Also, to touch on Elkins again for a second: he wishes at one point in the book for art critics who not only make evaluative judgments but also perform reflections on their own judgments, thus laying bare and reflecting upon the criteria they apply to their evaluations. This is a valuable form of self-consciousness, a self-reflection upon the critic's own taste: the criteria applied by the critic, what that critic's taste values and does not value, which includes a connecting up of one's taste with history, i.e. inserting oneself into a historical lineage of thought about art and its evaluation. This is an interesting challenge.
Gareth pipes in that scholars often ignore popular cinema and don't take its aesthetic value seriously.
Their points made me wonder: how much does canonicity still hold in the field? How self-conscious are scholars about their own taste formations and biases?
I'll reveal my cards first: I see no problem with canons per se, since the academy can be a useful place for discussing and upholding work (experimental film, social documentary, national cinema) that lacks a broad constituency. And my tastes are canonical, more canonical than most. At the same time, my approach to research is resolutely anti-canonical. I find that canons get in the way of a broader understanding of cinematic history.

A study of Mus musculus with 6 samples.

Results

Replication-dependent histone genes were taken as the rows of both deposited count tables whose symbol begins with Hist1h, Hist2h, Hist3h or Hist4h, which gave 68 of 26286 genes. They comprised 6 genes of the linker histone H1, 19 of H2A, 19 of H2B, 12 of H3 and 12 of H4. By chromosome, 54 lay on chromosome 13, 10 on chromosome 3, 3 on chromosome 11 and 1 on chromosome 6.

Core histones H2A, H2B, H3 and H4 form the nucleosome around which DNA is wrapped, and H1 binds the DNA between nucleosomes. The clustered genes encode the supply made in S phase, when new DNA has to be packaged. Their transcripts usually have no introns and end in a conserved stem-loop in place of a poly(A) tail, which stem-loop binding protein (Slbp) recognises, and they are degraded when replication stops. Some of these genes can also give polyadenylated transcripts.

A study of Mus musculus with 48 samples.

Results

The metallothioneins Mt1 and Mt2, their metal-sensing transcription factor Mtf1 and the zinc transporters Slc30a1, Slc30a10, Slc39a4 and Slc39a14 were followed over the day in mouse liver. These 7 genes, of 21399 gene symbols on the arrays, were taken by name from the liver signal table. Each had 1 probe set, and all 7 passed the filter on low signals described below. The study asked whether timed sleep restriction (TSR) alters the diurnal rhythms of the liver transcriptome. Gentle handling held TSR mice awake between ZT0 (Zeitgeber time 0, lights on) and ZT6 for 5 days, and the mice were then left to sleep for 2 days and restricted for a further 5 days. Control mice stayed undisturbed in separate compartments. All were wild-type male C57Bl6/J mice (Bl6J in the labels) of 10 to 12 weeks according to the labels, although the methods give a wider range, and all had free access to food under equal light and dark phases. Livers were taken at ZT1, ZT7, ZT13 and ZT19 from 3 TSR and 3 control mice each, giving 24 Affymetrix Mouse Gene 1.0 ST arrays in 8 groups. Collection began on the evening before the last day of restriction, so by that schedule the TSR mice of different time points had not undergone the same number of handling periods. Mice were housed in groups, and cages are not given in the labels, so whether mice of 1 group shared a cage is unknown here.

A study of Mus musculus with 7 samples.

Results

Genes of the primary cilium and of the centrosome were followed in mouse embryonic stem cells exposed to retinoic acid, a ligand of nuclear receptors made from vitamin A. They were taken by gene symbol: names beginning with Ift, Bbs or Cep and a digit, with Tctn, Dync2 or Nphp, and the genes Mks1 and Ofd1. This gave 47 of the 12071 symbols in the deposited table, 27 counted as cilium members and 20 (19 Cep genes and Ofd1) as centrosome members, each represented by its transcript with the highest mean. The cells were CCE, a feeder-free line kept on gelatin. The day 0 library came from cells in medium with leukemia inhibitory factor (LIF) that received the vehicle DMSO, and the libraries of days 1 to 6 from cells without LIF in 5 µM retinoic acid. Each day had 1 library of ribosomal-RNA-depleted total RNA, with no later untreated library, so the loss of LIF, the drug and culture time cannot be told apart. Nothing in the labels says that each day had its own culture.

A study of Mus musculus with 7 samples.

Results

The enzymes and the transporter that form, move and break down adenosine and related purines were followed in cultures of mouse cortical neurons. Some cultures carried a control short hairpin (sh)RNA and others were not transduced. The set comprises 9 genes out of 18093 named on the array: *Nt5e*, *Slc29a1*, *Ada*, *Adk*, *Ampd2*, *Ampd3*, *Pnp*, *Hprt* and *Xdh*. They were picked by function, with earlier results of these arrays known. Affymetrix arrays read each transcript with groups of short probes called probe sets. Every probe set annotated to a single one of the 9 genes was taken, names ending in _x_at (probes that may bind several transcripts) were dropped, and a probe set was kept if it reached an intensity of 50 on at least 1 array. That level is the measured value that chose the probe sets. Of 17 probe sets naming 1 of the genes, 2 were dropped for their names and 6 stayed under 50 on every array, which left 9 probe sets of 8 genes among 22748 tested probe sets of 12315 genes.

What of the field as a whole? My generalizations:
- Scholars of Hollywood (and of British cinema) tend to be more populist than area scholars studying prestige national cinemas. There are signs this is changing, with recent conferences and books on European popular cinema, but even still studies of popular French or German films, say, seem thin on the ground.
- The field embraces low culture as well as high culture, but rarely the middle.
- On one hand, cultural studies has left its mark in the field as a whole, pushing it in a populist direction. On the other hand, the move it is often at the price of a full aesthetic understanding of popular cinema.
- What I call the New Theoretical Turn in film studies has reacted not only against historicism but also against cultural studies. As such, it has embraced noticeably more canonical objects of study and with them a more canonical attitude. To take one example, when Tom Conley seeks to understand a cartographic discourse in Cartographic Cinema, his first examples of recourse are Casablanca and The 400 Blows. He certainly reads these differently than auteurists would but does not submit them to an objectifying analysis. Nor does he ever entertain the possibility that one might need to find a more typical film to establish a broad discourse.
- Even with these vicissitudes (populism, followed by theoretical turn), there remains a split psyche for many scholars. Certainly for me. Many embody a cinephile taste and teach some variant of this taste, all the while sidestepping judgment in research. I'm happy with this split approach but understand others might call it hypocrisy.